On the most southern tip of the Sulawesi lies the capital of the island. It is the largest city in Celebes with nearly 900.000 inhabitants. Makassar was, until very recently, known as Ujung Pandang and it is a city with a glorious history of sailors and worriers.
Gateway to Toraja
Makassar is the main entrance to the highlands to the north. During the economic and political crisis that started in 1997, Merpati Nusantara Airlines ceased operation of the flight from Makassar to Toraja. One used to be able to fly there in a 14-seater in less than an hour. Nowadays, there is a very good and reliable bus service that takes you there in about 8 hours. (See: How to get there & By bus). Hopefully, with renewed efforts to promote tourism to the country, airline services to Pongtiku Airport in Toraja will be resumed in the near future.
Makassar's history dates back to at least the 14th century. It became the islands major town towards the 16th century thanks to various kingdoms such as Gowa and Tallo and the so-called nomads of the sea, the Bajau-people.
In the 17th century, when Makassar had already been in extensive contact with Islam, the city grew enormously and became a center of trade and commerce. This trend continued during the following decades, with initially slaves, and later on with pearls, copra, sandalwood as the major commodities. In 1938, with a population of more than 700,000 people, Makassar was given the status of capital of virtually the entire eastern half of Indonesia.
After the Second World War, the city grew even further and extended in all directions. The name Ujung Pandang (sometimes used by Bugis and Makassar traders) was given to the city in the mid seventies. Ujung Pandang has an important state university named after Makassarese Sultan Hasanuddin, and the number of smaller kampungs towards the east have created a whole new urban area of which today's Panakkukang is a part.
Recently, in December 1999, the municipality of the city decided to change its name back to Makassar.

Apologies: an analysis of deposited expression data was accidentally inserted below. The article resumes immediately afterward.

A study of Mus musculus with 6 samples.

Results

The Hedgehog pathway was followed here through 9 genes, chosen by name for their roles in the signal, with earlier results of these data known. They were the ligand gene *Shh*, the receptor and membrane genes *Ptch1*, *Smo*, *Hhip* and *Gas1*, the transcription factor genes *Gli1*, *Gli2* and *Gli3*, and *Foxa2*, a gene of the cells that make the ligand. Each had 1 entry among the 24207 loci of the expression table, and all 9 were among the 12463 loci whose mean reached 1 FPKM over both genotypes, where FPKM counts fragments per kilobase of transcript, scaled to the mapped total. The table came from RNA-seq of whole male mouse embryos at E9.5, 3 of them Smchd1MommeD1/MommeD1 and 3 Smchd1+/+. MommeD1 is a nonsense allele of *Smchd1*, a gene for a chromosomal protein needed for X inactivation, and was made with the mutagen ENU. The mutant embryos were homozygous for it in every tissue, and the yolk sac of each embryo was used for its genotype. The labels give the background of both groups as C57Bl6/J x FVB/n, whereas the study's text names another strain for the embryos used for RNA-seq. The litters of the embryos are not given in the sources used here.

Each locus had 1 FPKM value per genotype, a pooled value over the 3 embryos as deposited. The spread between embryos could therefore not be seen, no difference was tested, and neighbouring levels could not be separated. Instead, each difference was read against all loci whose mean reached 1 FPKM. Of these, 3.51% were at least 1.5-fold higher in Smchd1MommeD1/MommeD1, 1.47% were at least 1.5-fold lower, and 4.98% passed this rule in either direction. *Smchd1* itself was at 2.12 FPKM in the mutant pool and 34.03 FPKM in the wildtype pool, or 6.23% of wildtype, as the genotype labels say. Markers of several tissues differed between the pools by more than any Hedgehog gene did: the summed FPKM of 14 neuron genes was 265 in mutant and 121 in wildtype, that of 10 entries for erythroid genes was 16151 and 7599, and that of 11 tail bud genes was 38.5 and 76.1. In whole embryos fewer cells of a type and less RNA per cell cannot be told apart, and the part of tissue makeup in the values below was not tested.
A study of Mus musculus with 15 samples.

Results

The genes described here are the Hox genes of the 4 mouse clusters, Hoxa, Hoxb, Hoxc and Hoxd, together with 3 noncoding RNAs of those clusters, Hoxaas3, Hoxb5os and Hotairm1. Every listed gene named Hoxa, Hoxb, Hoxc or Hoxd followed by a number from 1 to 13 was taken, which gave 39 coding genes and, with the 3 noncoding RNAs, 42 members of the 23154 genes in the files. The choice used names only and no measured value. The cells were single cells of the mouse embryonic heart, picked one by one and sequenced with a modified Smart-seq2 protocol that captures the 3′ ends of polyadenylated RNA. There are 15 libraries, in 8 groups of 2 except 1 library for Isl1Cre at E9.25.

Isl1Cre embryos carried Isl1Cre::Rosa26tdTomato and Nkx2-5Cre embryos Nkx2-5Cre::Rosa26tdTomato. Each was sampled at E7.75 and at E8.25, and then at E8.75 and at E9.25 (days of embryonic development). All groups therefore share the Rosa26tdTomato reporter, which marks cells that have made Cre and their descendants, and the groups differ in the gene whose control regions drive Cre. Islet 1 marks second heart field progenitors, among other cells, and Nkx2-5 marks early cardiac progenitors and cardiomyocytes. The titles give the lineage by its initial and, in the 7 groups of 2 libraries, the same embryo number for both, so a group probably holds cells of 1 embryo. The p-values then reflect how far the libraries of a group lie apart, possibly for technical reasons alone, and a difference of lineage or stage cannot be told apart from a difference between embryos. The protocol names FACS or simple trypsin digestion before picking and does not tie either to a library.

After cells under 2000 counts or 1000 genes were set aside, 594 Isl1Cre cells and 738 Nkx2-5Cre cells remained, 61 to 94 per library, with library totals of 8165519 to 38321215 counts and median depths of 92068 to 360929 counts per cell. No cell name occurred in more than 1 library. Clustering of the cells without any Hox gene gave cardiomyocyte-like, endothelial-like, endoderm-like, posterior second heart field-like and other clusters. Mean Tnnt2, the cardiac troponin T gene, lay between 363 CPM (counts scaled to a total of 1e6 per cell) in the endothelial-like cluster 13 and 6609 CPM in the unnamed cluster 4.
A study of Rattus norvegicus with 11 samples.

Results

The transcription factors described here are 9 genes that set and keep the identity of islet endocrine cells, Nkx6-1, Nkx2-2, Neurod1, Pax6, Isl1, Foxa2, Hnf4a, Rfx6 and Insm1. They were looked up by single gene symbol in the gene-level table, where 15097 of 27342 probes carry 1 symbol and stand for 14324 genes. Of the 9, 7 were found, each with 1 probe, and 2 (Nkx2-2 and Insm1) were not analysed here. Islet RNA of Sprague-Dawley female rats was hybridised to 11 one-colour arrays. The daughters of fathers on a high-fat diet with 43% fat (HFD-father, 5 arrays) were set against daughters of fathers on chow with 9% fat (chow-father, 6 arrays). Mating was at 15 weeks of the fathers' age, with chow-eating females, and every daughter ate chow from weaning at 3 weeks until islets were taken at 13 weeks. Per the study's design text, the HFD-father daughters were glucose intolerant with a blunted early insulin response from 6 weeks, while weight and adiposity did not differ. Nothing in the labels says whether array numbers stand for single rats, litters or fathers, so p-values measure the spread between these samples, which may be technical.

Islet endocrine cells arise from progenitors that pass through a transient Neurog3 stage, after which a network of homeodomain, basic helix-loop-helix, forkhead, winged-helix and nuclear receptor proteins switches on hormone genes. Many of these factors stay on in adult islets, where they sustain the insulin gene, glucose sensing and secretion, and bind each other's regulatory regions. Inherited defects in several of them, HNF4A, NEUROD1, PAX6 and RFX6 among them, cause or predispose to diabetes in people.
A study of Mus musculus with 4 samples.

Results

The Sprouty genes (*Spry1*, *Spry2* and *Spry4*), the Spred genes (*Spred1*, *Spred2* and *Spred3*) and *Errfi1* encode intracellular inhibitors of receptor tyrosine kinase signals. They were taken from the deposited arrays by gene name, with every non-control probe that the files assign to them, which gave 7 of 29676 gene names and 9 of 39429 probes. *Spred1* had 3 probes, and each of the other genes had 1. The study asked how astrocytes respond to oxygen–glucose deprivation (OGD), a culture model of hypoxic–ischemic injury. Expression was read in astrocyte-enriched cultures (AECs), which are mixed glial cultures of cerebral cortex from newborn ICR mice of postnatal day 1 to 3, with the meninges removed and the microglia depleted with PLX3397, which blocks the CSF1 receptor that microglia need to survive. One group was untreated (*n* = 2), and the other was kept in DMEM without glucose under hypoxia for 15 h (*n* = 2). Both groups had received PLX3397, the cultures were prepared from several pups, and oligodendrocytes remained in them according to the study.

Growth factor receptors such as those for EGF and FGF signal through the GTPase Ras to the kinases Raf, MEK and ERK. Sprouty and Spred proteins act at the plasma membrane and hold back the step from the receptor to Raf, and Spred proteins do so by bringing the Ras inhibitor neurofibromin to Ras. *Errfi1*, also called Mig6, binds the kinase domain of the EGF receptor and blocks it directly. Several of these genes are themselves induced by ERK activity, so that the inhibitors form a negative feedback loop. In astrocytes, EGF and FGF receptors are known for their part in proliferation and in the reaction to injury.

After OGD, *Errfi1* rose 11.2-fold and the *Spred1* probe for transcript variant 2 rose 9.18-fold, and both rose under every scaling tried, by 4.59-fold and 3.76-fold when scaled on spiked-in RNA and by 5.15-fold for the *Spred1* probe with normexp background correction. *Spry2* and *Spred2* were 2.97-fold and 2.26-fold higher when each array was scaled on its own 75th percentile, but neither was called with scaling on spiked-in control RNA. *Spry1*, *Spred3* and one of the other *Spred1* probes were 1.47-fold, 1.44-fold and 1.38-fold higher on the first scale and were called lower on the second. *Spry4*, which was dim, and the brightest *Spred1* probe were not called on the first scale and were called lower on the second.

Sightseeing in the city
After the Dutch, together with the Bugis people, conquered the main Makassarese fortress ('banteng'), they called it Fort Rotterdam. Today, the fortress is still the main attraction of the city and houses a library, a museum and archeological archives. North of the fortress, in the area that was formerly called 'Kampung Belanda', confined by today's Jl. Nusantara and Jl. Jampea, lived the Europeans and Chinese. A stroll around this area is well worth a morning in spite of the fact that many historic buildings were demolished when the modern harbour was constructed in the early nineties. Meander down the many narrow streets, and try to absorb the atmosphere of Makassar's past.
If you want to see the famous large sailing ships, the perahu pinisi, you go to Paotere Harbour in the north. There, you will find a colourful spectrum of boats being (un)loaded, fishermen going about their business and emptying their nets full of swordfish, tuna, octopus etc. Today, this harbour remains a centre of commercial maritime transport. You will see hundreds of sacks of rice or sugar and tons of wooden planks imported from Kalimantan, destined to go to other major cities as Jakarta and Surabaya.
Another attraction of Makassar are the four major Chinese temples. The oldest and probably most attractive is the 'Temple of the Heavenly Queen' (Tian Hou Gong) on the corner of Jl. Sulawesi and Jl. Serui.